A lack of testing supplies continues to make it difficult to see the extent of COVID-19’s infection rate across Alabama, according to the state’s health officer.
“Testing continues to be a concern for us,” said state health officer Dr. Scott Harris, speaking at a press conference in Montgomery on Monday. “One of our continuing problems is locating specimen collection kits.”
Harris said every state in the nation is on the hunt for the critical testing supplies, which include swabs, viral transport media and transport tubes used to secure the samples for transport to labs.
The testing supplies are scarce in testing sites throughout Alabama, and it’s a problem shared by many other states.
“As you know, the states have been told that we are on our own in terms of finding this equipment, and so everyone is competing with each other, trying to find sources that can provide those materials,” Harris said.
President Donald Trump in a press conference last week told reporters that the federal government is not a “shipping clerk” and in a March 16 press conference said governors can get the critical supplies and masks faster by “getting them on their own.”
Eric Blank, chief program officer at the Association of Public Health Laboratories, told The New York Times on Friday that there are “acute, serious shortages across the board” for supplies needed to do tests.
Labs across the country are scaling back the numbers of tests being done to preserve supplies for those whom health care providers think are most likely to experience severe complications or death from the virus.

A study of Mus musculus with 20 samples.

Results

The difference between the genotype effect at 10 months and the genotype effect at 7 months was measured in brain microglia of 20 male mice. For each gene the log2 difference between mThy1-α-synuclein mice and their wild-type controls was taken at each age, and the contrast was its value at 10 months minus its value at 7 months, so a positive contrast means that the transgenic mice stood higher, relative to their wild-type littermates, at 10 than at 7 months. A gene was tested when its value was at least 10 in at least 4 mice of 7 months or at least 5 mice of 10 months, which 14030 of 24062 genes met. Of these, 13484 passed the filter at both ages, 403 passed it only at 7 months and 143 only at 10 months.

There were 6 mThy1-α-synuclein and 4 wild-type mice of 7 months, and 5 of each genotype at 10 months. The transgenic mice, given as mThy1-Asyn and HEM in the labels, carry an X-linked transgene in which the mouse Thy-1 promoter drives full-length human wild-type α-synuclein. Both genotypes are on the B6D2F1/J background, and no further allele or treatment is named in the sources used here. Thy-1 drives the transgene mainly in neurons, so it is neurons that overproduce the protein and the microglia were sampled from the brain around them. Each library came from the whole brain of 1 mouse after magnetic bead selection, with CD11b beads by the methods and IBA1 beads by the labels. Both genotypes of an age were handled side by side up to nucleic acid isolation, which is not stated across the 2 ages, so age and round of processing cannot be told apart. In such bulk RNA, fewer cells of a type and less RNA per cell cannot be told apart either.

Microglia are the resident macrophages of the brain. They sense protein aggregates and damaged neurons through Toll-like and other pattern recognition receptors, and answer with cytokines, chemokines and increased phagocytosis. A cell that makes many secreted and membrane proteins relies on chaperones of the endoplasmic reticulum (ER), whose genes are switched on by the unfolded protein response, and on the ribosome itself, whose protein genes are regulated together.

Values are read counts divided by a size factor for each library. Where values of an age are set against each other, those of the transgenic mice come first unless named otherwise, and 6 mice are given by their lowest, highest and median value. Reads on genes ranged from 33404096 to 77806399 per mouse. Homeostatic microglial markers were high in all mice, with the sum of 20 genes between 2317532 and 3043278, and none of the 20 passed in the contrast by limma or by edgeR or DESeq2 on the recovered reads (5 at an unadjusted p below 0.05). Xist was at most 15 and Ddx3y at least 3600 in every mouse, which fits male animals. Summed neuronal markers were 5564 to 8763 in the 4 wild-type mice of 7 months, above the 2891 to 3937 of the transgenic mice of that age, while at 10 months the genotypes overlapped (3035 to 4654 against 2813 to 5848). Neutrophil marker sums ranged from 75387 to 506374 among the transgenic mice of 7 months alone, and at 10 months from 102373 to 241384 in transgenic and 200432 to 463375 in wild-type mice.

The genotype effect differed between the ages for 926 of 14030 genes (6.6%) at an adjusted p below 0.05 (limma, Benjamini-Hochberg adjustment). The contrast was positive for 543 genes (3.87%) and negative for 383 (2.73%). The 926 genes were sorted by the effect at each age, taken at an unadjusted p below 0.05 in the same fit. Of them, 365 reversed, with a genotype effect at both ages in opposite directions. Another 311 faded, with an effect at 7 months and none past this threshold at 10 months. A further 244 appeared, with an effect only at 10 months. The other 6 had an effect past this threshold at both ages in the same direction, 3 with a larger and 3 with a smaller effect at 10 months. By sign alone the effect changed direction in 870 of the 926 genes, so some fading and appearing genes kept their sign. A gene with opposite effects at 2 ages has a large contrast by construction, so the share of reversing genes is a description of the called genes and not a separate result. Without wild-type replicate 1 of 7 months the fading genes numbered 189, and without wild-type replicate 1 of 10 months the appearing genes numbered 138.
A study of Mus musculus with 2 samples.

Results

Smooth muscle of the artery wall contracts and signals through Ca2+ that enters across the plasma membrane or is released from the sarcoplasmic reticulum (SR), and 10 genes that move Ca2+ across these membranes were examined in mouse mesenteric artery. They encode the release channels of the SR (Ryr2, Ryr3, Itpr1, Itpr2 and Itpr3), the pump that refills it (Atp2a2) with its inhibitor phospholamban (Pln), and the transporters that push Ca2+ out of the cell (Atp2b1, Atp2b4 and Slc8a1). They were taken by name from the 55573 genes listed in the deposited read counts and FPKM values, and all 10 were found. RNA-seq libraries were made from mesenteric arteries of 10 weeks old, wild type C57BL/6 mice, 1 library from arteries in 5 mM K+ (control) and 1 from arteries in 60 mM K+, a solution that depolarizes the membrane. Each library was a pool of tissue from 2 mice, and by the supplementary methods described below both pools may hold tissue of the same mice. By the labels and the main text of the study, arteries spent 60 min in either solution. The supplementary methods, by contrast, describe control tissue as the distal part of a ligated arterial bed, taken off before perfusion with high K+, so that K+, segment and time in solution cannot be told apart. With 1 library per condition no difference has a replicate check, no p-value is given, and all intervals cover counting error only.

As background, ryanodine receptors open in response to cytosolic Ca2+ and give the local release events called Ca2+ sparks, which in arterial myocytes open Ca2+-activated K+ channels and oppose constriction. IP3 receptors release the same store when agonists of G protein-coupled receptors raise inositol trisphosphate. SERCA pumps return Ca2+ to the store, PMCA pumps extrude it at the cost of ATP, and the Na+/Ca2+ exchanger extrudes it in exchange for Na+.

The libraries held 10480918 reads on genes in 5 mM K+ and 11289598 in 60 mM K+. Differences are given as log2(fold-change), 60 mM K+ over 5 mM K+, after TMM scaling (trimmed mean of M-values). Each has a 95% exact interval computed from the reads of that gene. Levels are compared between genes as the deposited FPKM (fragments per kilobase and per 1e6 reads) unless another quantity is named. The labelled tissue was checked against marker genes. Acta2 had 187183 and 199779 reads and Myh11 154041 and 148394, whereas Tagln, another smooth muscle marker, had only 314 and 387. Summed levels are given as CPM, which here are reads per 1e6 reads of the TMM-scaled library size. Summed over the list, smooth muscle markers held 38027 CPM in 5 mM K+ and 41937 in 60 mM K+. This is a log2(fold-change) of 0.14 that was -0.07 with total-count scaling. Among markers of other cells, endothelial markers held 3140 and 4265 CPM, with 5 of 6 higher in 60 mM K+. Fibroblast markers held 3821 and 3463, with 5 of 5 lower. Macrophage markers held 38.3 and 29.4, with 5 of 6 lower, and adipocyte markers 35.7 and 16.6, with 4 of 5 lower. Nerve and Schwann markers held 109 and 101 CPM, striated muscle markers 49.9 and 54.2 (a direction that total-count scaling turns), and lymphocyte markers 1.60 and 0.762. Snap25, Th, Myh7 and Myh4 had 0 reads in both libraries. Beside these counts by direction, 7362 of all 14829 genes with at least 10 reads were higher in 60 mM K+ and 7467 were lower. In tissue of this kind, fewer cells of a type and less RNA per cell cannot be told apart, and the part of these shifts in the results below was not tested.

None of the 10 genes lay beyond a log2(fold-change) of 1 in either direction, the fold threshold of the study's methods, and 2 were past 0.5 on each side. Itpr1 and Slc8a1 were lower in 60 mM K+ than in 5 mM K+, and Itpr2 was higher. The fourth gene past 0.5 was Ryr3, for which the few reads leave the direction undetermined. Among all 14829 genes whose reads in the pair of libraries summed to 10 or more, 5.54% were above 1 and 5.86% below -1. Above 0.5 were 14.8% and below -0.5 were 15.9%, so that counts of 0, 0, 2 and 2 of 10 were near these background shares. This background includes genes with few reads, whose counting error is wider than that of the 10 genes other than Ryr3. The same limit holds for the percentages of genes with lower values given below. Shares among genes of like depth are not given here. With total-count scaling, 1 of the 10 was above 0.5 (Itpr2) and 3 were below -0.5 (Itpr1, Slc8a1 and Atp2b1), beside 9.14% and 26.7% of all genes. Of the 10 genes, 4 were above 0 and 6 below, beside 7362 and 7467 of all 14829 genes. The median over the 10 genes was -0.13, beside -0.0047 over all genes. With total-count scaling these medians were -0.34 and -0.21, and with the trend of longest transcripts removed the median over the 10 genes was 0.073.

As of Monday afternoon, the state’s lab in Montgomery had conducted 1,832 tests, and 196 were confirmed COVID-19 cases across 24 counties, according to the Alabama Department of Public Health’s statistics.
Commercial labs are not required to report negative tests to the state, so it’s unclear how many tests those labs have conducted. The lab conducting testing last week at Church of the Highlands in Birmingham said they’ve performed more than a thousand tests.
Alabama’s struggle to get the needed swabs and testing supplies also continues to limit the number of test sites across Alabama, Harris said.
There are 17 such testing sites connected to the State Department of Health and the Alabama Hospital Association, but there could be more if the needed supplies arrive, he said.
“We hope to have 25 sites fully functional by the end of the week,” Harris said.
Because testing supplies are low, Harris said the state is looking to only test those who have symptoms and are either hospitalized, have weakened immune systems or other health conditions, who are over the age of 65, are healthcare workers in a long-term health care facilities “and other types of patients can be considered on a case by case basis.”
“Generally speaking, we only want those symptomatic patients that meet these high-risk criteria,” Harris said.
People who don’t meet those criteria may still be able to be tested through commercial labs with a physician’s referral, Harris said, “but we’re trying very hard to preserve our testing capacity for those people who most need it.”
The lack of confirmed cases in some counties, and low case count in others, is likely due to less access to testing in those places, Harris said.
The state is trying to overcome barriers to testing in underserved areas, especially in rural spots, but said “there’s still a shortfall that exists there.”